Friday, May 18, 2012

First Hurdle (thankfully small!!)

I have a daycare child who tells me at least once a day around here that Sam is "scrawny".  I say, "no, he's perfect...isn't he cute?"  She just giggles and runs off to play with the others.  This went on for a couple weeks, until last Friday when I took a good look at him and realized he is scrawny!  You can see his little ribs sticking out, and feel his kneecaps, see his ankles.  There's not a baby roll to be found on this baby!  Last Friday, I hopped on my home scale to see where he was at with his weight.  And according to my scale, he wasn't even ten pounds yet.  Then on Sunday, a woman at my church who happens to be a public health nurse and who happened to have her scale in her car, offered to get an accurate weight on him.  According to that scale, he was 9lb 8oz.  That might seem like a good sized baby at 6 weeks, but keep in mind he was 8lb 14oz at birth, and 8lb 13oz at his two week checkup.  That meant he'd only gained 11 ounces in four weeks.  Now, I'm not a pediatrician or a nurse, but even I know that doesn't sound right.

First thing Monday morning, I called our pediatrician, and sure enough, he wasn't satisfied with Sam's growth.  So we scheduled an appointment for Wednesday afternoon.  A quick trip to the scale revealed that Sam is 9lb 12oz and 22 3/4 inches long.  He would be in the 75th percentile for height, but only the 40th for weight.  That's not extremely concerning, but we would like to see those numbers a little closer together and more in proportion to each other.  We talked about what could be causing his low weight gain, and while we ruled out spitting up more than taking in or something blocking the absorption of nutrients, it ended up coming down to calories in versus calories out.  Sam is ALWAYS on the move.  He's the wiggliest little man I've ever seen!  With that, and the big job of growing, my doctor wants me to feed him 1/2 breastmilk and 1/2 formula for now to see if that helps.  (Phew - no big deal!)

But of course, with this new adventure we're on, I'm more aware of people around me and certainly this trip to the doctor couldn't just be routine.

When we arrived at the clinic and finished all the check-in stuff, I sat down in the waiting room.  As usual, I left Sam in his infant carrier to make it easier when the nurse calls his name.  I sat his carrier down in front of me and started talking to him.  I could see that there were two people straight across from me, so I glanced up to give them a friendly smile and guess what?!  Sure enough, the lady on the right had those oh so familiar almond shaped eyes I've grown to love.  I smiled at her and then smiled at her friend next to her.  Suddenly, I couldn't get Sam out of his carrier fast enough.  I wanted to hold him, show him off - I wanted him to look at her and say "I'm just like you!"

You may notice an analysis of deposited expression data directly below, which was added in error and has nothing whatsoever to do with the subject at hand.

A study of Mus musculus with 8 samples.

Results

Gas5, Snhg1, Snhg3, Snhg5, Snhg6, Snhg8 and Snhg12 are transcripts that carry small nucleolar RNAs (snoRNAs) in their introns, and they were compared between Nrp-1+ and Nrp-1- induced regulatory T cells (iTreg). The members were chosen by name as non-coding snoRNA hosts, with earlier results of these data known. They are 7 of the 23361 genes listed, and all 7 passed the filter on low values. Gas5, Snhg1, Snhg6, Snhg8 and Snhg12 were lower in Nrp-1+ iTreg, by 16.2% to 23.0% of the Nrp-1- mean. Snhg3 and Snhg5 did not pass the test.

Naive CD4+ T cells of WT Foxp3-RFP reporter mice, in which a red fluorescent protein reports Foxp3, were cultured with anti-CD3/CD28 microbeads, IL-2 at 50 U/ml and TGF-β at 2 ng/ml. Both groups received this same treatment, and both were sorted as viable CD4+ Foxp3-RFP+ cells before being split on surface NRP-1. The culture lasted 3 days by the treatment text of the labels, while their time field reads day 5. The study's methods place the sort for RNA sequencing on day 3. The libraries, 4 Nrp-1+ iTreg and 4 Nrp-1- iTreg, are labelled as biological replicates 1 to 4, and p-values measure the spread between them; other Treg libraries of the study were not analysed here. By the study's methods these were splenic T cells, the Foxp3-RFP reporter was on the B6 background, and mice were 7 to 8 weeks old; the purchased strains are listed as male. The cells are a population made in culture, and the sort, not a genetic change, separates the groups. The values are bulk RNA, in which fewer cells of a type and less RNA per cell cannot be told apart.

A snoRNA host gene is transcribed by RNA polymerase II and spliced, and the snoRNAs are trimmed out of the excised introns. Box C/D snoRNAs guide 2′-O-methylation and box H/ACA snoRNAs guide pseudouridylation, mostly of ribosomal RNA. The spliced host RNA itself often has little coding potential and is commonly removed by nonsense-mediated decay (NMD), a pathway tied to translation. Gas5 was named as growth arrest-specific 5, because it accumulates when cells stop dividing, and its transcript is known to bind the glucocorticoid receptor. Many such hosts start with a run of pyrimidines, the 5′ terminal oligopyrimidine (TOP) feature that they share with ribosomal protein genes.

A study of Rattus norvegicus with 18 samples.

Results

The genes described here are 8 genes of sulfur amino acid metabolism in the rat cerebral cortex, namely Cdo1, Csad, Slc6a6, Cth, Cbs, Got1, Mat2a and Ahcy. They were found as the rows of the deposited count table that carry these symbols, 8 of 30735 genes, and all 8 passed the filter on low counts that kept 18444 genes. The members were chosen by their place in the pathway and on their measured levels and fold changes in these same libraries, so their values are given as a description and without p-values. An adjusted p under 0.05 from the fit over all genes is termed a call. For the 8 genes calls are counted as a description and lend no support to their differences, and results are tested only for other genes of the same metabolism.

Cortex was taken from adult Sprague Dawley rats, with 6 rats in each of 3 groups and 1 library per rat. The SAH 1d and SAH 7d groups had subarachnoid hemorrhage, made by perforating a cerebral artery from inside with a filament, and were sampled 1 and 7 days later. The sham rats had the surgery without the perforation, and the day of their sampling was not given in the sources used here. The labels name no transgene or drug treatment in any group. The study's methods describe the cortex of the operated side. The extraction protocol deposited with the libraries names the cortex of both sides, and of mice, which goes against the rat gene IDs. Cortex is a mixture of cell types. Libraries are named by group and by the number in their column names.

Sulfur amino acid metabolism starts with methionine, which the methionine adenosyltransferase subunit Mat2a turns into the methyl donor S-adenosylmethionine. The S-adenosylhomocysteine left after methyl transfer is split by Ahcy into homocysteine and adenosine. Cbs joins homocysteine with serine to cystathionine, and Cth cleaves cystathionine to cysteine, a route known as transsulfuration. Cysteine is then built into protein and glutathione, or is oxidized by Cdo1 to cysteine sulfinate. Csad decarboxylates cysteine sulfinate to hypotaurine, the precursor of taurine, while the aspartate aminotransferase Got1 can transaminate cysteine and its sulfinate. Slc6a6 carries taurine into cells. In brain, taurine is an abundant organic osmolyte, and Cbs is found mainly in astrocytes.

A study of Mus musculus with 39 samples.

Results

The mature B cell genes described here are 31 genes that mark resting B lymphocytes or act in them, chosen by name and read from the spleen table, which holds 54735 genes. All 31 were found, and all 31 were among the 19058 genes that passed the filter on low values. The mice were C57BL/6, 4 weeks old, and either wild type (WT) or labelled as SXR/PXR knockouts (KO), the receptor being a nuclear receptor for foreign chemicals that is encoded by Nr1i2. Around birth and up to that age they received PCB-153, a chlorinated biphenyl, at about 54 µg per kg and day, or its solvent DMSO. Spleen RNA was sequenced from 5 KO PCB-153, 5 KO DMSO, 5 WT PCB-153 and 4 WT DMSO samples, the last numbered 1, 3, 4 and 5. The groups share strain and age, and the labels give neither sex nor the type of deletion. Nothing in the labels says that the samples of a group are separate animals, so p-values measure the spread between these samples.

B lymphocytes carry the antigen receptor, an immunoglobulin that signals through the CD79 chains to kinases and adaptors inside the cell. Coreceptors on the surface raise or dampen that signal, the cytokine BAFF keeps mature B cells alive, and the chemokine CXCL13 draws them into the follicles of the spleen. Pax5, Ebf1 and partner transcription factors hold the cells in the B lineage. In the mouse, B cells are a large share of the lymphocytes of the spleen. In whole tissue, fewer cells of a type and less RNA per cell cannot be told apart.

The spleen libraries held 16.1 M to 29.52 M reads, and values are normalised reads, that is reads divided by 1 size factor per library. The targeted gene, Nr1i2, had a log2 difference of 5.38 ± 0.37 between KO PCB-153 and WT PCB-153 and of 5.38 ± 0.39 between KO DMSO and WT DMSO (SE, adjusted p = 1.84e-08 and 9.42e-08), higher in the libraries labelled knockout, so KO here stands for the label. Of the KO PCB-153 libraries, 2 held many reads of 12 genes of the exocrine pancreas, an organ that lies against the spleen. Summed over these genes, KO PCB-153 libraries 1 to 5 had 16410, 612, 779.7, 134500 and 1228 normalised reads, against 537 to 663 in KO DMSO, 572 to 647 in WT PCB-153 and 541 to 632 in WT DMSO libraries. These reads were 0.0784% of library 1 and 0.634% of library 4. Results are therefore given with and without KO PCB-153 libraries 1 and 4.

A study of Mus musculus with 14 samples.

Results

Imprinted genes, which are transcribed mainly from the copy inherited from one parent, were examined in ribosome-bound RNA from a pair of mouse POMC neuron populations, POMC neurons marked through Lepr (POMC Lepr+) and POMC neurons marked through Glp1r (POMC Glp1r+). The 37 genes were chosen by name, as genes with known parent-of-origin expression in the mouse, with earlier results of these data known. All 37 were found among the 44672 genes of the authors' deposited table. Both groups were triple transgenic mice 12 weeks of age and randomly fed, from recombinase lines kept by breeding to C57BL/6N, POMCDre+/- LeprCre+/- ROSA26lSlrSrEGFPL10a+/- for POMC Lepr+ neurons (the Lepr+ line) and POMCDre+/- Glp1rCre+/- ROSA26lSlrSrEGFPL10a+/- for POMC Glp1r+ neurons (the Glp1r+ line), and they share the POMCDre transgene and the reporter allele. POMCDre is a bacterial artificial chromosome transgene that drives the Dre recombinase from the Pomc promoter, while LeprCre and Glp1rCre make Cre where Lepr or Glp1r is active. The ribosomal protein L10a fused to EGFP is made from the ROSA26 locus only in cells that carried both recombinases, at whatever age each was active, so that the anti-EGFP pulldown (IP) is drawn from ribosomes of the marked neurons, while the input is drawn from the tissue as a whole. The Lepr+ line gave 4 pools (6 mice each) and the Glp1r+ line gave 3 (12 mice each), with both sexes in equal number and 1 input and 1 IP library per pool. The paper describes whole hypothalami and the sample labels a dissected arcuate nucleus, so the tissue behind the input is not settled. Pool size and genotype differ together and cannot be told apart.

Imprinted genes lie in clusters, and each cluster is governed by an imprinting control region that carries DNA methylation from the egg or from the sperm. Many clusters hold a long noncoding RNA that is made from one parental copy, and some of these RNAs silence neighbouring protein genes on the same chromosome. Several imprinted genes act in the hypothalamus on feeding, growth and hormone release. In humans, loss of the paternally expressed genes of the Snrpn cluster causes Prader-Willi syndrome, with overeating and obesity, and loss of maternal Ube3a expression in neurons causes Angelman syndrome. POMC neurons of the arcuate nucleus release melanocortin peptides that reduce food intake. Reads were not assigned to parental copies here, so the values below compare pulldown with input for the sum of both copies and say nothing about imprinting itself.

I sat him on my lap so he was somewhat facing them.  I talked to him, and tickled his chin to try and get him to smile.  Instead, he puked down his shoulder and onto my arm, trickled down the chair and landed in a small puddle on the floor.  There goes my magical Down syndrome moment!  The lady on the left laughed and made a comment about the joys of motherhood.

Soon after I got us cleaned up, the nurse called Sam's name. (they call him Samuel, which just sounds so dignified!)  After his appointment, of course the two ladies were long gone.  I had to wait, because I had an appointment as well for my postpartum checkup.  I sat in the very chair that only moments earlier sat a woman who had lived her entire life with that extra magical chromosome.  I hope she saw Sam, and I hope in some small way she felt blessed to see a new life, a life like hers, sitting before her.

I only had a few minutes before the nurses called me back for my appointment, but in those few moments I realized something.  I realized that for the first few weeks after Sam was born, I was scared to show him off - I was scared of people's reactions, scared of what they would say or think, or even of what they wouldn't say.  I found myself not uncovering him when we were out and about, I'd leave him snug inside his carrier and covered in blankets.  If and when I did reveal him to people, I felt the urge to blurt out "he has Down syndrome".  It's not that I was ashamed, I can't really explain what I felt in those moments.  I didn't want people to have any reaction other than a "normal" reaction to a new baby.     And I think I convinced myself that if I just told people right away, they would know to say something kind and positive and not react negatively at all.

But yesterday, when I couldn't get Sam out of the carrier fast enough, I realized that my days of not wanting to share him with the world were officially over!  These past few weeks, I've been so proud to show him off, and I no longer feel the need tell people he has Downs.  It doesn't matter, and I know that now.

Grandma got him to smile....again!
I have to share also that Sam is smiling now!  It's so exciting to see his personality develop just like any other baby would.  He's so darn cute when he grins!  I try and try to get him to smile for me, but my attempts have been pretty futile.  So I play smart, and head to grandma's with camera in tow, because for some reason, my mom can coax a smile out of him on command!  How could you not fall in love with a face like this!!